Wednesday, September 22, 2010

Fun raiser

Anna is participating in what most parents dread most - the twice-a-year school fundraiser. The last 3 years, she hasn't been interested in them, so we've tossed the packets and forgotten about it. But this year, she wanted to do it, drawn in by the promise of a limo ride if she sells 25 of the overpriced food items that are in the catalog. Of course, we've had the packet since the 14th, but tonight was the first night she was serious about it. The fundraiser ends on Friday. The neighborhood has been scoured by other kids from Anna's school and we're left to selling to close friends and relatives. I hate bringing this kind of stuff to work and subtly guilting people into buying things even though other people in my department do it shamelessly. I did send out a mass e-mail to some internet peeps and relatives to see if anyone was interested. This only made me mildly uncomfortable and if you were lucky enough to have received one, you're included in the group of people I don't mind making a fool of myself in front of. I meant what I said - only buy if you want. If you don't, it doesn't hurt my feelings one bit. I was just doing my duty as a parent.

When I was a kid, there was nothing I despised more than fundraising. It seemed like every organization I was in had fundraisers. Band, chorus, speech and drama, church groups, you name it, we were always hawking something to help pay for the bus to Timbuktu or something like that. I usually ended up selling to my parents and that was it. The funny thing is that the very first fundraiser that I remember doing was actually a rousing success. We sold Bic pens door to door for Cub Scouts - I was probably 10 or so. Back in my hometown, I lived in the 700 block of my street. My brother and I sold pens all the way up to the 2200 block in one afternoon - both sides of the street. I was a fearless salesman. I sold a shitload of pens. I also scared the crap out of my parents because I vividly remember being in about the 1300 block of my street on the way back home and there they were, driving up the street in our old Maverick looking for us, sure that we had been abducted or murdered or something equally horrific. Shit no! We were just selling pens.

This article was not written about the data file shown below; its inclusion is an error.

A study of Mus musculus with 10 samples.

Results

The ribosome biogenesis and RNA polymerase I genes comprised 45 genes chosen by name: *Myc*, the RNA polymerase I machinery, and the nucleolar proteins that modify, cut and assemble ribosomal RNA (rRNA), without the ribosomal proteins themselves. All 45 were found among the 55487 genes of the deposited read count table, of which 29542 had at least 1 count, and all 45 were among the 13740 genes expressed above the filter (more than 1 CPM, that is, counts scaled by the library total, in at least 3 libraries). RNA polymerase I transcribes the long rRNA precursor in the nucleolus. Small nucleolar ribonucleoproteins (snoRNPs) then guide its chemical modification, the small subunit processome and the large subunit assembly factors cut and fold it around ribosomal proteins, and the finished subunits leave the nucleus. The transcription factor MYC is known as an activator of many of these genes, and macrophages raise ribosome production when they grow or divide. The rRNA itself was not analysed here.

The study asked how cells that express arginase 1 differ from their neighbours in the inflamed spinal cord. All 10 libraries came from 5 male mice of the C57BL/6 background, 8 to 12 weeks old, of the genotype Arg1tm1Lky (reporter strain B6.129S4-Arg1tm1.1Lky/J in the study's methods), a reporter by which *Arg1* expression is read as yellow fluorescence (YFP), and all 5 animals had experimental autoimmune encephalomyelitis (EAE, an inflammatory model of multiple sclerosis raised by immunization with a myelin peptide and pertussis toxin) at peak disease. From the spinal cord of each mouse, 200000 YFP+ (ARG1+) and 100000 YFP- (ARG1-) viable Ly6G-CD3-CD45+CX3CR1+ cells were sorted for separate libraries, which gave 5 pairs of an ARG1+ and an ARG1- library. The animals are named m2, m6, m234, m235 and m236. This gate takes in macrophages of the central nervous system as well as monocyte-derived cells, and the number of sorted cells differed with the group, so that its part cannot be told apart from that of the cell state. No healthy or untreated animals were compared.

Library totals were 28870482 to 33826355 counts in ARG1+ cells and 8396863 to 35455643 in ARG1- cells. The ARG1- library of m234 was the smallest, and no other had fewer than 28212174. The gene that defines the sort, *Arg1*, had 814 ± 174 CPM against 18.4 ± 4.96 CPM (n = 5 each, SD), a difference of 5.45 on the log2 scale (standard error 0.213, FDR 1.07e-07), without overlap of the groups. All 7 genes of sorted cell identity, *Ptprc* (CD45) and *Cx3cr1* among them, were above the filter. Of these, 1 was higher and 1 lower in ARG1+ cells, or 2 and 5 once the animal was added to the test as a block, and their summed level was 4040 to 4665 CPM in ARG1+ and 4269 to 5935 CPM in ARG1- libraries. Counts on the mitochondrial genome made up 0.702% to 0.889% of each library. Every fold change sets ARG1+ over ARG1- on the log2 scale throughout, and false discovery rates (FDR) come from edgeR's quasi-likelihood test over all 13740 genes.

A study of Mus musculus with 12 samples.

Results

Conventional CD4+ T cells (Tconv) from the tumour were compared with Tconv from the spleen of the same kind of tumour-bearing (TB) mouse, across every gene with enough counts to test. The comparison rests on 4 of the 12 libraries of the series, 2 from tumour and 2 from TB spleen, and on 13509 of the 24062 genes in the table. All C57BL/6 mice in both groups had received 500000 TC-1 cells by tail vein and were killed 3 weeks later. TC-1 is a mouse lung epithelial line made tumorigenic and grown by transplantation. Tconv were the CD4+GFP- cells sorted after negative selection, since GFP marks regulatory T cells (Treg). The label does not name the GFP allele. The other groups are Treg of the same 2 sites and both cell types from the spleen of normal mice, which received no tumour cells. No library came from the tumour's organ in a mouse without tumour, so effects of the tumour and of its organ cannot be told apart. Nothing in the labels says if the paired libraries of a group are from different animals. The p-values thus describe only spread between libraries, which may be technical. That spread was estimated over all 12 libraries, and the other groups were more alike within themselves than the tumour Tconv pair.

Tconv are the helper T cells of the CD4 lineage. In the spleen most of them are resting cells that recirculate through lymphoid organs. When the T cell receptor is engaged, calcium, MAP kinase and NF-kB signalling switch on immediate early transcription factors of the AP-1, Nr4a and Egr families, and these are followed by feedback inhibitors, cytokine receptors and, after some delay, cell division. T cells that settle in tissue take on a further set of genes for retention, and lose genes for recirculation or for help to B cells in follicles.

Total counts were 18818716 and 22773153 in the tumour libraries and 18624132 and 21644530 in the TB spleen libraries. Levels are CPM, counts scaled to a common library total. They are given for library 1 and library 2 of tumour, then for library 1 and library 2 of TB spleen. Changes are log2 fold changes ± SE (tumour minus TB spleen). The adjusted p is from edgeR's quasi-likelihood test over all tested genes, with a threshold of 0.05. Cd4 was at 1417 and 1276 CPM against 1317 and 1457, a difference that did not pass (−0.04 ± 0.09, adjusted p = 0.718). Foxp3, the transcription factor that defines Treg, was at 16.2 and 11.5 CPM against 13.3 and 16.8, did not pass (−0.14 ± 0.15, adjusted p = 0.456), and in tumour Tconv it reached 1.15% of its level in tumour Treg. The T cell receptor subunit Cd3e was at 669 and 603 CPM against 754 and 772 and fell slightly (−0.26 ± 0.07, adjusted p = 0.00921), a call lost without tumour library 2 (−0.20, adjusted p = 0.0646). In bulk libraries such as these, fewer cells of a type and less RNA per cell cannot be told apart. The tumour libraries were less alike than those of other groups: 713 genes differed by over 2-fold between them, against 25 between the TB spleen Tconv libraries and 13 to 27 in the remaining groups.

After that, I really lost my drive for selling. I remember being heckled by some 20 something guys when I was selling popcorn for Scouts (I'm pretty sure) and was kind of freaked out about that. After that, my introvert REALLY set in and I just couldn't go and sell things to people cold. I wasn't going door-to-door ever again for that kind of stuff. And mostly, I never did.

Well, since there's no door-to-door for Anna after the locusts picked the neighborhood clean, we resorted to telephone tonight. We called grandparents, aunts, uncles and godparents, among others. I let her do the pitch (spectacular! spectacular!) but sat on the extension while she talked. She did a pretty good job for being eight. She was articulate and excited and clearly wanted to make a sale. There always came a point where I had to break in and explain that this is not the type of fundraising you're used to. This is 21st century fundraising as you can go to the website and do online orders. The school has a number as does Anna. You plug the info in, order whatever you want and she gets credit for it. Plus, the stuff gets shipped to your house. How's that for slick?

The best part of the night was when Anna was e-mailing Heidi's mom with the info that she needed and I was checking it over before she sent it. The subject line of the e-mail was "fun raiser." I said to her, "Anna, it's FUND raiser. You're raising funds for the school - funds are money." She looked at me like suddenly, the light bulb had gone to full brilliance. I thought, but wisely kept to myself, that doing a fundraiser is decidedly not a "fun raiser." At least not for me.